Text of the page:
For Immediate Release
Grand Jury Indicts Men Allegedly Involved in Murder of DEA Task Force Officer
DAYTON – Three local men previously charged by criminal complaint in connection to the shooting death of Dayton Police Detective and DEA Task Force Officer Jorge Del Rio have now been indicted by a federal grand jury.
Nathan S. Goddard, Jr., 39, is charged with nine counts, including deliberately killing Det. Del Rio, conspiring to possess with intent to distribute and distribute fentanyl, cocaine and marijuana, assault of a federal officer by inflicting bodily injury through the use of a deadly weapon, brandishing and discharging a firearm resulting in death by murder during and in relation to a drug trafficking crime, and possessing a firearm as a convicted felon.
Cahke Cortner, 39, and Lionel Combs III, 40, are each charged with five counts, including conspiring to possess with intent to distribute and distribute fentanyl, cocaine, and marijuana, andbrandishing and discharging a firearm resulting in death by murder during and in relation to a drug trafficking crime.
Combs is additionally charged with maintaining a drug premises at 1454 Ruskin Road in Dayton. Cortner is additionally charged with carrying a firearm during and in relation to a drug trafficking crime.
The charges are a result of a shooting that took place during the execution of a federal search warrant during the evening of Nov. 4.
Between mid-July and late-October 2019, the DEA’s Dayton resident office conducted an investigation into a Dayton-based fentanyl operation.
As a result of that investigation, Goddard was named as an alleged source of supply of narcotics and a federal search warrant was subsequently authorized for 1454 Ruskin Road.
Police executed the search warrant. After announcing themselves, officers entered the home and Det. Del Rio descended the stairway to the basement of the residence. The officer immediately came under gunfire from the basement and was struck by the gunfire.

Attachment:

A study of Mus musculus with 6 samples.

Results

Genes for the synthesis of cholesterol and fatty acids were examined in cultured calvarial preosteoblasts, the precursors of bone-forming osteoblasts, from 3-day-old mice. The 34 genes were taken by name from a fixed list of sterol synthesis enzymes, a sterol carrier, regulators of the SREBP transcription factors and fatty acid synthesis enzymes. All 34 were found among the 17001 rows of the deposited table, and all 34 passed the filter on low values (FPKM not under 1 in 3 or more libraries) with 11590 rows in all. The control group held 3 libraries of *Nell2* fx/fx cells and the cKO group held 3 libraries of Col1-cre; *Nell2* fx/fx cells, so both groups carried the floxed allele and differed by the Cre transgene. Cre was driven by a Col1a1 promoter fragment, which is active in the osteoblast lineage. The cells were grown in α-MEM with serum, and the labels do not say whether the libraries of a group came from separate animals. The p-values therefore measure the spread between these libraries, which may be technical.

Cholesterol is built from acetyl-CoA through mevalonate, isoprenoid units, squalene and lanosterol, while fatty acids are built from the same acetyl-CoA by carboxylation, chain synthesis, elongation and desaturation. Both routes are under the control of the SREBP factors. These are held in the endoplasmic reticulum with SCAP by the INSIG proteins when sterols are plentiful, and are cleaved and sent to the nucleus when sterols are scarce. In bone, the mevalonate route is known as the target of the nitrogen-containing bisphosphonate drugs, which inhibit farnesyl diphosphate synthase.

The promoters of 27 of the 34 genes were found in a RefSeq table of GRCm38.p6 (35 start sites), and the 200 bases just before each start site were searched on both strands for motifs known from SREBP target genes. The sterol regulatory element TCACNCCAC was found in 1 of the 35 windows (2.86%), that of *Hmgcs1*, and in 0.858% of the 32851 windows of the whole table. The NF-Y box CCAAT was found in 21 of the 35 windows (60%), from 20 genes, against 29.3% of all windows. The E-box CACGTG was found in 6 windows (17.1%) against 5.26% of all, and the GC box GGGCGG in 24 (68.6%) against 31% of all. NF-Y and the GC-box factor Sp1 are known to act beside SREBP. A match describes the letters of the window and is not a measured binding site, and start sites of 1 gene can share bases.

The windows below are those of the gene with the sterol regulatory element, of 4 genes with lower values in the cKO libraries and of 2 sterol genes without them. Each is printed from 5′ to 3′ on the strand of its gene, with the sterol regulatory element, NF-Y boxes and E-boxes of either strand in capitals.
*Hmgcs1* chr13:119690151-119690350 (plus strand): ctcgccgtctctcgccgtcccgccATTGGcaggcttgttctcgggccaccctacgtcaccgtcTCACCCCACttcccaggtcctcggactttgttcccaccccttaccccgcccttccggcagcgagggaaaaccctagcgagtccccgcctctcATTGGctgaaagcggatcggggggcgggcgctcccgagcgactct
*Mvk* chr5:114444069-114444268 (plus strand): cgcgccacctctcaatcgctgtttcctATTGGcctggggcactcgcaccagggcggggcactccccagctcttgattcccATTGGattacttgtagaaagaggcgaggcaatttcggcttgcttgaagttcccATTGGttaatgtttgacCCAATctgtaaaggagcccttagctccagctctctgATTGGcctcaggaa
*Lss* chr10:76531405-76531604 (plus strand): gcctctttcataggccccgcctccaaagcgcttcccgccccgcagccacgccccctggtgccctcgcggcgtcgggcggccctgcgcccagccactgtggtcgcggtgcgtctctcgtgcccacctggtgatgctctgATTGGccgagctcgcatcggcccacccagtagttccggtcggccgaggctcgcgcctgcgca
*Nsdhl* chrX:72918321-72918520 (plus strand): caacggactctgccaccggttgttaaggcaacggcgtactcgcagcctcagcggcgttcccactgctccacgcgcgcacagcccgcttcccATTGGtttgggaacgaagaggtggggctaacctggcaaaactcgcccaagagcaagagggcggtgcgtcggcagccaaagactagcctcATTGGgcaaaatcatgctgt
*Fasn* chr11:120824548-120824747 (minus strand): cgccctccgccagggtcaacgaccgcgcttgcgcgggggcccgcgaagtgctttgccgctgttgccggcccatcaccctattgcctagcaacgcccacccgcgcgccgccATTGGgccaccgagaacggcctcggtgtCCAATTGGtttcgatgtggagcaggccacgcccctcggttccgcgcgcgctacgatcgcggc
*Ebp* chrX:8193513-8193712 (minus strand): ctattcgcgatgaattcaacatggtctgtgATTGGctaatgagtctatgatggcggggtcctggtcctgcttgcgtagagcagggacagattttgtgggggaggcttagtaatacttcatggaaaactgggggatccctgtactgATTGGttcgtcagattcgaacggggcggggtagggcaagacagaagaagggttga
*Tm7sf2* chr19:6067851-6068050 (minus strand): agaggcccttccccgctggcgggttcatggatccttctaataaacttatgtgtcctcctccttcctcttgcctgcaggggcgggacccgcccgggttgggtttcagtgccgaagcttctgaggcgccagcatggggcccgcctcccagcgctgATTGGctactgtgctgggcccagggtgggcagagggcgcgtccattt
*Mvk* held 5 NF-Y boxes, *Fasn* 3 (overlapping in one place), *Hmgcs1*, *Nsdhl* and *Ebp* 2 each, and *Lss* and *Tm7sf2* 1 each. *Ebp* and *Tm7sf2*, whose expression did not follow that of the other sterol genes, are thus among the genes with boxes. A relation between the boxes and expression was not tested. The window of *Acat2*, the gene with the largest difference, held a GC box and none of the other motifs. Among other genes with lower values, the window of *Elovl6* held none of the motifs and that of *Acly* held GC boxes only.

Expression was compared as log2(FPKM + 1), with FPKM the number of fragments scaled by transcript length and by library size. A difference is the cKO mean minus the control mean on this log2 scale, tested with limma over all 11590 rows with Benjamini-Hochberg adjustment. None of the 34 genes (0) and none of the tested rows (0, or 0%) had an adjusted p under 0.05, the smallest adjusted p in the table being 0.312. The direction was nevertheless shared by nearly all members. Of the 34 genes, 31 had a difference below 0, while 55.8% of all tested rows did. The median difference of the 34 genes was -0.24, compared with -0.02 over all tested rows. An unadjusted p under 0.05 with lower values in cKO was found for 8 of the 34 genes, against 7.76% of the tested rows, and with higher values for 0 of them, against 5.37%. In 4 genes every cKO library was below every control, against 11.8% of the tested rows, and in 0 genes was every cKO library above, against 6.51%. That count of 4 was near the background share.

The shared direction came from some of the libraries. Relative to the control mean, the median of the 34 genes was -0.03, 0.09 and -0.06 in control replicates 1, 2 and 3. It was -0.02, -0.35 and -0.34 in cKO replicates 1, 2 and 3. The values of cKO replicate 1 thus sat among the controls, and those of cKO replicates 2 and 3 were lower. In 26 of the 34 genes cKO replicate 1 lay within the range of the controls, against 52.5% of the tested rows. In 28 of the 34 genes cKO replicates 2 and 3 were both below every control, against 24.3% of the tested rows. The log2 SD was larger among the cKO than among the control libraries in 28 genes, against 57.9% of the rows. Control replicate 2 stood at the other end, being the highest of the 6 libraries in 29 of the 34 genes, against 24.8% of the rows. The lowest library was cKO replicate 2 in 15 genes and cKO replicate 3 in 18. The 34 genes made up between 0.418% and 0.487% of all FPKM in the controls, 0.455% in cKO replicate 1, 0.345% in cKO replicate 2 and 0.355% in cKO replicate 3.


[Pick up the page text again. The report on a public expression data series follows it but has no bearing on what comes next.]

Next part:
In the residence, authorities discovered three firearms. Approximately ten kilograms of fentanyl and cocaine were located in a duffel bag. Containers containing 50 to 60 pounds of marijuana were discovered in the basement. Approximately $11,000 in cash was spread out on a coffee table, and more than $40,000 in cash was located in a duffel bag in a storage area under the stairs.
Five counts pending against Goddard are potentially punishable by the death penalty.
"There are many crimes that, if committed, one forfeits his right to live in a free society. And then there are the rare, few crimes that are so abhorrent to a free society that one is subject to forfeiting his right to exist at all,” said U.S. Attorney David M. DeVillers. “Goddard has been accused by a grand jury of the latter.”
The drug conspiracy in this case is punishable by a mandatory minimum of 10 years to life in prison. The brandishing and discharge of a firearm resulting in death by murder during and in relation to a drug trafficking crime is punishable by an additional mandatory minimum of 10 years up to life in prison, and by death. Congress sets the minimum and maximum penalty ranges for all offenses charged.
David M. DeVillers, United States Attorney for the Southern District of Ohio and Montgomery County Prosecutor Mathias H. Heck, Jr. have agreed to proceed federally at this time. Should it later be deemed appropriate, a state indictment could be sought. Mr. DeVillers and Mr. Heck agreed to commit both Assistant United States Attorneys and Assistant Montgomery County Prosecutors to the trial team regardless of jurisdiction.
They are joined by Dayton Police Chief Richard S. Biehl; Keith Martin, Special Agent in Charge, Drug Enforcement Administration (DEA); Joseph M. Deters, Acting Special in Charge, Federal Bureau of Investigation (FBI), Cincinnati Division; and Jonathan McPherson, Special Agent in Charge, Bureau of Alcohol, Tobacco, Firearms and Explosives (ATF) in announcing the charges. Assistant United States Attorneys Dominick S. Gerace and Brent G. Tabacchi, and First Assistant United States Attorney Vipal J. Patel, are currently representing the United States in this case.
An indictment merely contains allegations, and the defendants are presumed innocent unless proven guilty in a court of law.